Xi-Putin meeting marks a closer relationship between the 2 global powers
STEVE INSKEEP, HOST:
The leader of China, Xi Jinping, is preparing to make his first trip out of his country in over two years.
A MARTINEZ, HOST:
He's been operating within a strict COVID bubble. But by midweek, he expects to be in Central Asia. His meetings include a regional security forum also attended by Central Asia's other big neighbor, Vladimir Putin, the president of Russia.
INSKEEP: NPR's Emily Feng covers China. Good morning, Emily.
EMILY FENG, BYLINE: Good morning, Steve.
INSKEEP: What makes this trip worth it for China's president?
FENG: Well, Xi just hasn't met many other world leaders since early 2020 because of the country's strict zero COVID policy, so he's been doing everything remotely. And that is going to have a cost, however immeasurable, on China's diplomacy to the rest of the world. But you know who's been really, really busy all over the world? The U.S. U.S. diplomats have been intensifying competition with China. And China is losing out, particularly on the issue of Taiwan, which is this island that China claims control over, but which is strengthening ties with the U.S.
In August, House Speaker Nancy Pelosi visited Taiwan. And then since, there's been this stream of American governors, senators and representatives who have also paid visits, the last of which was just this past week. So there's pressure for Chinese leaders to venture out again. And this week is also one of the last possible weeks Xi Jinping could have globetrotted because he's got to head back soon and kick off the Communist Party Congress in mid-October, where he's expected to formalize his third term in power.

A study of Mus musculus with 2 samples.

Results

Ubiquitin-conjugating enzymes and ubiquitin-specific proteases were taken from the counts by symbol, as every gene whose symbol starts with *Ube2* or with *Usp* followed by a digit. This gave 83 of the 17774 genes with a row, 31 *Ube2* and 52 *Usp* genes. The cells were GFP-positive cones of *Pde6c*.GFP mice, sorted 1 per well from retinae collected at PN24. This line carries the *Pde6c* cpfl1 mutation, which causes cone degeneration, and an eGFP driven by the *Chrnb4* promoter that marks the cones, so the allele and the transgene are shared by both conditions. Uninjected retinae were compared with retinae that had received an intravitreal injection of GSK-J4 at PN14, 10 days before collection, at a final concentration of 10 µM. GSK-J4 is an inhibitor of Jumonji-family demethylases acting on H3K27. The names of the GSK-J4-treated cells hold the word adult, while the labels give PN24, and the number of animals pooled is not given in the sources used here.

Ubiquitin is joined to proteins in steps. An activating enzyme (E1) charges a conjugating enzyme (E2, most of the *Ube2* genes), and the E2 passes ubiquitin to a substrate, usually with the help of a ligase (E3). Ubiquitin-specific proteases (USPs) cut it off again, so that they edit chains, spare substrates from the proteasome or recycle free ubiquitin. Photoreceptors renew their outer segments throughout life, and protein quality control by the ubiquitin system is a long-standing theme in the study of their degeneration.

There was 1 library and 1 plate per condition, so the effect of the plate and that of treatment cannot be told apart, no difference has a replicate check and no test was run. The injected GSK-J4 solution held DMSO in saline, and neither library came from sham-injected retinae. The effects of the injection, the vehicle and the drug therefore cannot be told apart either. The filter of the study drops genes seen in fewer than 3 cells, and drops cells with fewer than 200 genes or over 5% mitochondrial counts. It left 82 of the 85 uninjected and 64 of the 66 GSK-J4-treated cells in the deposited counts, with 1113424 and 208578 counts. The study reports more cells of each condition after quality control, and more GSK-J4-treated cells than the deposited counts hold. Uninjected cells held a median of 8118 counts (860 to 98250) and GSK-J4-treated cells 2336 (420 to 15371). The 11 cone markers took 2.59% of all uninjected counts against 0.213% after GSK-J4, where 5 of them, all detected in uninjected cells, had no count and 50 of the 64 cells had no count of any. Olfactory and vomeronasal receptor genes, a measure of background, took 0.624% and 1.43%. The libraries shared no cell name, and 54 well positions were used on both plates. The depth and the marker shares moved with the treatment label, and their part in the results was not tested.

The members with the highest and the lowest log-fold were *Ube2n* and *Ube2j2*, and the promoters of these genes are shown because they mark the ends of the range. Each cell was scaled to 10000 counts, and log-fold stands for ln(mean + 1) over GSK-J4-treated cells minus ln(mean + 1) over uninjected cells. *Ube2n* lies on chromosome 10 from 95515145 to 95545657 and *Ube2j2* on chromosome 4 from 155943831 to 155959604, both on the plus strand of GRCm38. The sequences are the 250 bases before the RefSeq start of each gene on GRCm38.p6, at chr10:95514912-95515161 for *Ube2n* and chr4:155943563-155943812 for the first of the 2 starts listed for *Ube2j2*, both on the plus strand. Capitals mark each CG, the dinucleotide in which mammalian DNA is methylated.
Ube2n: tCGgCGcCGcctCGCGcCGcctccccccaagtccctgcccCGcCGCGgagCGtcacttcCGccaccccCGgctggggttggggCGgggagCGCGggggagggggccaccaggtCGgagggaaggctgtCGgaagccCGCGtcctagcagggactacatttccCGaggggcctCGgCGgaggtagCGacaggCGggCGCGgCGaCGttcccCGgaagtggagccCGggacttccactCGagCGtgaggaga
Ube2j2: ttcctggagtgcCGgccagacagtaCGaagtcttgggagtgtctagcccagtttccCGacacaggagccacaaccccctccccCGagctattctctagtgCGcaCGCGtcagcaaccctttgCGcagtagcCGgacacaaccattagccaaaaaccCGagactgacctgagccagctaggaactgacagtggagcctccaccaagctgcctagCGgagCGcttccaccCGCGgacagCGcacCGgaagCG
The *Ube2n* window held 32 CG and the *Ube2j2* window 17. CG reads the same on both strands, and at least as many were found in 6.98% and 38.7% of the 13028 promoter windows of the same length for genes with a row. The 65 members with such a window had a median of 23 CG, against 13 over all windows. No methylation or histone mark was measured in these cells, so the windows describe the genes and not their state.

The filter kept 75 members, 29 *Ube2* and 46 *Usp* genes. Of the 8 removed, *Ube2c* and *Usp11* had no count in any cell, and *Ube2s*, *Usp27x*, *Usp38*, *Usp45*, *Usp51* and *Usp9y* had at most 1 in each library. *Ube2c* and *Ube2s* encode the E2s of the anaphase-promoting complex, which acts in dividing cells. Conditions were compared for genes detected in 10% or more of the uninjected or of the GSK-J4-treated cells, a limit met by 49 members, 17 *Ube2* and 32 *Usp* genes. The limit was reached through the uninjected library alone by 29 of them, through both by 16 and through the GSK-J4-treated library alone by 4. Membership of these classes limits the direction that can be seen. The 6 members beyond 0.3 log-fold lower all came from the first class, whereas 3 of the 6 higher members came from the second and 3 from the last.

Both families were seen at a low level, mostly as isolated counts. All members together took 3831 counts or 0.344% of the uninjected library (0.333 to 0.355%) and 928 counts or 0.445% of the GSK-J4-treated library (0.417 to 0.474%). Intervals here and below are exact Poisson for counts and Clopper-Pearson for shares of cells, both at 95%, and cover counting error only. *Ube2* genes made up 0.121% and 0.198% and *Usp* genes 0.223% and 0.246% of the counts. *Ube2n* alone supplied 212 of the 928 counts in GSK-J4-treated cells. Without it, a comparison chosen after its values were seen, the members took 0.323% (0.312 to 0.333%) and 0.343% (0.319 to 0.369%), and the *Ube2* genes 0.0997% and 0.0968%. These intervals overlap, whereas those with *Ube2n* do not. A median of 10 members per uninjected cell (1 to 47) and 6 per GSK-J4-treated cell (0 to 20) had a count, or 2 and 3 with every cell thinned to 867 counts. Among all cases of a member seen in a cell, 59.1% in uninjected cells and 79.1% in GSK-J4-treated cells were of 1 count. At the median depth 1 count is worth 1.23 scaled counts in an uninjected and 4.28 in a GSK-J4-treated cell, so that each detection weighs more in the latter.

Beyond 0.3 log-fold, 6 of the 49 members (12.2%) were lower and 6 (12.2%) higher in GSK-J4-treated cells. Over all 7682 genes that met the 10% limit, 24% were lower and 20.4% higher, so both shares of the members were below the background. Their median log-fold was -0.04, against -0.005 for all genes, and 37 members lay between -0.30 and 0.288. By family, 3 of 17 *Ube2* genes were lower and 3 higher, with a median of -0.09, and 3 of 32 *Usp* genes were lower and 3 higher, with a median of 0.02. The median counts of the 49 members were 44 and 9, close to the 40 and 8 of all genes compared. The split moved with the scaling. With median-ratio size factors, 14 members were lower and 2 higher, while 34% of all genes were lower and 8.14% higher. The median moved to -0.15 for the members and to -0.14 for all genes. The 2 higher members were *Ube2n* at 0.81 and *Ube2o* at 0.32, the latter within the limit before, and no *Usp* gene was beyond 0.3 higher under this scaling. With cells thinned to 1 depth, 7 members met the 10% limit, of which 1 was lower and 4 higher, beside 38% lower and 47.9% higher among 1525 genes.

INSKEEP: Which, of course, is itself a big change. Now, looking at a map here, Central Asia, of course, is a group of countries, many of which used to be part of the old Soviet Union, which is right there. They also border China. So what draws China's leader exactly there?
FENG: Xi Jinping is looking to project stability in the region, because after Russia invaded Ukraine, that really frightened some of these post-Soviet republics in Central Asia. Jakub Jakobowski is a senior fellow on China at the Centre for Eastern Studies, a Polish state think tank. And I also asked him, why Kazakhstan?
JAKUB JAKOBOWSKI: I think Kazakhstan basically wants to maintain the status quo. It sees Russia as an actor that has changed. Russia is turning from a security provider in a authoritarian sense, stability provider, into an aggressive country that can actually destabilize the region.
FENG: And so now Central Asia is looking to China. Also, Central Asia is key to China's security. Kazakhstan borders Xinjiang, this region in China where the United Nations says China may have committed crimes against humanity by arresting and detaining Uyghurs, Kazakhs and other ethnic groups. China says it's battling terrorism there. And that's also one of the reasons why Xi heads to Uzbekistan on Thursday for a meeting of the Shanghai Cooperation Organization, which is a security bloc.
INSKEEP: And, of course, Vladimir Putin will be at the table there. I would imagine they might have a little conversation on the side.
FENG: They most definitely will be talking about Russia's war in Ukraine. Remember back to February - Putin actually traveled to Xi in Beijing then. He was one of the few world leaders to attend the opening ceremony of the Winter Olympics in China. The two countries signed a no limits partnership. And then weeks later, Russia invaded Ukraine. So far, China has not wavered in its support of Russia. But that partnership is way more complicated now, given the success Ukrainian forces have had this weekend pushing out Russian forces in the northeast. And so this means this meeting is going to be really important for Putin. He need to convince China he's a reliable partner, one that will not fail and embarrass Xi Jinping.
INSKEEP: Emily, thanks so much.
FENG: Thanks, Steve.
INSKEEP: That's NPR's Emily Feng. Transcript provided by NPR, Copyright NPR.